The family-friendly event, a mix of theatre, dance, music and storytelling, is free and centers around social justice issues
Credit: WKYC STUDIOS

CLEVELAND — After going virtual for two years, Cleveland Public Theatre’s unique Station Hope event is back, live and in person at the place it was designed to highlight -- St. John’s Episcopal Church, Cleveland’s first authenticated Underground Railroad site.

The family-friendly event, a mix of theatre, dance, music and storytelling that celebrates Cleveland’s social justice heritage, will be held from 7 to 10 pm on Saturday, May 28, at the grounds of the church, located at 2600 Church Ave, Cleveland.

More than 200 artists and 50+ community and professional arts and cultural organizations will participate in the festival, which is free and open to all. Each year, the event draws more than 2,000 attendees to experience short performances, visual art displays and interactive art activities that highlight crucial moments from the past and important modern-day issues.

The community event takes its name from the fact that Cleveland was called “Station Hope” during the Underground Railroad period in our nation’s history. St. John’s Episcopal Church, built during the 1830s on Cleveland’s West Side, was one of the last stops for enslaved people heading north to Canada and its steeple served as a beacon of freedom.  

Cleveland Public Theatre Executive Artistic Director Raymond Bobgan said he’s eager to bring the event back to the church grounds.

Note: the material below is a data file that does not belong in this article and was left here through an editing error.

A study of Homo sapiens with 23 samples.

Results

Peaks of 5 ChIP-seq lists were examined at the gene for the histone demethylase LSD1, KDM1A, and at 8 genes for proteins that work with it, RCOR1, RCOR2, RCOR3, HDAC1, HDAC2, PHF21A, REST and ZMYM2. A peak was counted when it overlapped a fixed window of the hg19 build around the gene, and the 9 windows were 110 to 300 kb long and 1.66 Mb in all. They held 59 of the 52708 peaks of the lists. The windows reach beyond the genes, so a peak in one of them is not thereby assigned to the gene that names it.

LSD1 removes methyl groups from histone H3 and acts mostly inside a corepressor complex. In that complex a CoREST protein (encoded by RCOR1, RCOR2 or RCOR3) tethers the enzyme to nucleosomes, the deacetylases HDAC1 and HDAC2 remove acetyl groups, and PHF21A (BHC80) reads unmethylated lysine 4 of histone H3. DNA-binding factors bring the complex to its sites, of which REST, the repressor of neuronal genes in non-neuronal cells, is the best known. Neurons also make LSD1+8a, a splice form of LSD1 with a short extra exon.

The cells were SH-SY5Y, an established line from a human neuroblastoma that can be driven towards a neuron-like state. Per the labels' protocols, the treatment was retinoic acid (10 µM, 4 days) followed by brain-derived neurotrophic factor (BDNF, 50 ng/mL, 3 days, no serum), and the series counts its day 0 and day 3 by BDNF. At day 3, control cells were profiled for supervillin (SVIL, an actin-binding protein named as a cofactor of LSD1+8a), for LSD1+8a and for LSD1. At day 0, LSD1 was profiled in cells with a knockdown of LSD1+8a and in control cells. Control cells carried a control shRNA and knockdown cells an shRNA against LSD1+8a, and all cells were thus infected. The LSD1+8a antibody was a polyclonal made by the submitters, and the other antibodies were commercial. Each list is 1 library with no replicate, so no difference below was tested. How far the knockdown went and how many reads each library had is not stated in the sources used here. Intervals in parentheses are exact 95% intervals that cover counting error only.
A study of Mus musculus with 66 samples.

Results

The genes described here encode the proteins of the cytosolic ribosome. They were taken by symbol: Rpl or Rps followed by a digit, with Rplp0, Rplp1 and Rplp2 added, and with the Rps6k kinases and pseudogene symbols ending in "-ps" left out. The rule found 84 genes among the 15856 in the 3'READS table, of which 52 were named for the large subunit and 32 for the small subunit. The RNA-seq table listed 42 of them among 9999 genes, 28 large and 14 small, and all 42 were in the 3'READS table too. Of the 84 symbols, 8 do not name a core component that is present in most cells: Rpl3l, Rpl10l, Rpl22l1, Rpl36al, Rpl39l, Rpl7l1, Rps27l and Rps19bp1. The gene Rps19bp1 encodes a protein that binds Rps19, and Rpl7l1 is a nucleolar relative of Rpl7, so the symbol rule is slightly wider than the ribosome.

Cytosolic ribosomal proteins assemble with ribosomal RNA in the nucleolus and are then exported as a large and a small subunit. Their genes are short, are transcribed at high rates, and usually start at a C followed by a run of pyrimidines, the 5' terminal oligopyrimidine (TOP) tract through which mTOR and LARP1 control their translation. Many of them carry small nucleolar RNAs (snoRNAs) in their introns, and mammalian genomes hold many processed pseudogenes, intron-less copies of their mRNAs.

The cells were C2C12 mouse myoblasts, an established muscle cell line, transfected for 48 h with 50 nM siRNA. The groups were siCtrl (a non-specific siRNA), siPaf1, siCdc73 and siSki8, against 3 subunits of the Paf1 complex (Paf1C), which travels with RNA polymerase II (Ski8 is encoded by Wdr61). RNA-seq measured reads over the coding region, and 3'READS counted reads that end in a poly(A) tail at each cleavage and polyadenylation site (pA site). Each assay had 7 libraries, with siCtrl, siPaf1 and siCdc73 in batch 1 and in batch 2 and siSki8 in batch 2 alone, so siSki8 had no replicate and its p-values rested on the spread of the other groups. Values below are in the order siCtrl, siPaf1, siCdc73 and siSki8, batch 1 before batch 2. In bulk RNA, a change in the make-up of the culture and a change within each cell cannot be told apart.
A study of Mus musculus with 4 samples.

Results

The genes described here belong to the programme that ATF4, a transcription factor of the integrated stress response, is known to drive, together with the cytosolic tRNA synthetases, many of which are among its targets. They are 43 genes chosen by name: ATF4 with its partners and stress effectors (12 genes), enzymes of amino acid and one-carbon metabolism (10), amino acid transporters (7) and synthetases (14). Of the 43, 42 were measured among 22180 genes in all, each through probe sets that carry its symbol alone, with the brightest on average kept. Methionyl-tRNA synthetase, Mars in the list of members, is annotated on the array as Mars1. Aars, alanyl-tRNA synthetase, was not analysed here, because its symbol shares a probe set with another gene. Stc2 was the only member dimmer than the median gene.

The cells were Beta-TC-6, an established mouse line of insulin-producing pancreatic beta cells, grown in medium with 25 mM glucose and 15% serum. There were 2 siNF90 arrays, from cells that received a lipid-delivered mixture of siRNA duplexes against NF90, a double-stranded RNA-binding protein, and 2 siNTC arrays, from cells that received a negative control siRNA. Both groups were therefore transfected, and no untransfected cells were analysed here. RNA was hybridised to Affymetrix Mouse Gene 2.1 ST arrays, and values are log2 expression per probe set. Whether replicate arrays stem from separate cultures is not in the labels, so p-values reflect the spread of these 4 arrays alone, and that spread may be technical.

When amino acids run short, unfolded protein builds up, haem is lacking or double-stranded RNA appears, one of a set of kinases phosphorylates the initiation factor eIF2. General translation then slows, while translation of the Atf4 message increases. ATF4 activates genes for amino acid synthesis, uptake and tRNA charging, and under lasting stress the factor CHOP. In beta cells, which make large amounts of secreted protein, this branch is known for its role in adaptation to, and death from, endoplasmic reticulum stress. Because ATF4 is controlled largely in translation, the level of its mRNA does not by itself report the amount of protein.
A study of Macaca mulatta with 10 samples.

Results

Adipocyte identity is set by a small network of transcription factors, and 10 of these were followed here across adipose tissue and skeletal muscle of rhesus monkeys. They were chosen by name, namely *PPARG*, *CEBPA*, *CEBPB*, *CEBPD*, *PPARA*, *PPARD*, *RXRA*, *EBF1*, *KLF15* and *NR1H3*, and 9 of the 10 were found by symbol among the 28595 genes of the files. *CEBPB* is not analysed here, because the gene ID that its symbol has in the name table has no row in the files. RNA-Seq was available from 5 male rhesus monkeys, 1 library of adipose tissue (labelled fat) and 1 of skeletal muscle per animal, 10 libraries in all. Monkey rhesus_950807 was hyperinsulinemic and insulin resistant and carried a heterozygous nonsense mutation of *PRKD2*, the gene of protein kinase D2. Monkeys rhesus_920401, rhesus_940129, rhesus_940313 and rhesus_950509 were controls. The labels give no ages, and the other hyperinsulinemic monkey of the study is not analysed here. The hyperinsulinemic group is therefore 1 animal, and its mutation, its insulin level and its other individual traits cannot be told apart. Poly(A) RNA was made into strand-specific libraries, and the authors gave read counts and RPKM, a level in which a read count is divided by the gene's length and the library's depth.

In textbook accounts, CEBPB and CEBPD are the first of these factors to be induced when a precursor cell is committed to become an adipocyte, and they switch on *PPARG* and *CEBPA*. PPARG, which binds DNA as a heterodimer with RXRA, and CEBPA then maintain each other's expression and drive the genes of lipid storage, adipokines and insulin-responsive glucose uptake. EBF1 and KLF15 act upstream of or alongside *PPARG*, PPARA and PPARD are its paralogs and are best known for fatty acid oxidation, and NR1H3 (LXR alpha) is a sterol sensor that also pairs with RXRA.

“Every year at Station Hope, I have had the opportunity to watch the needle move in the audience – in their eyes, in their subtle moves, in how they respond,” Bobgan said. “But we couldn’t see it or feel it in the same way for the past two years. There were lots of comments and ‘likes,” but nothing replaces the live experience and I am so grateful to be back in person at St. John’s.”

As always, the Station Hope lineup of events will blend history with contemporary issues. The schedule includes a performance by the children of Lakeview Terrace, a nearby public housing estate, and original “superhero” posters designed by exhibits designed by Black, Latinx, Native American, Asian American and Arab youth living with serious illnesses and disabilities.

Patrons must wear masks while inside of the church. For more information on the mask policy, click here.

WKYC Studios is the media partner for this annual Cleveland Public Theatre event.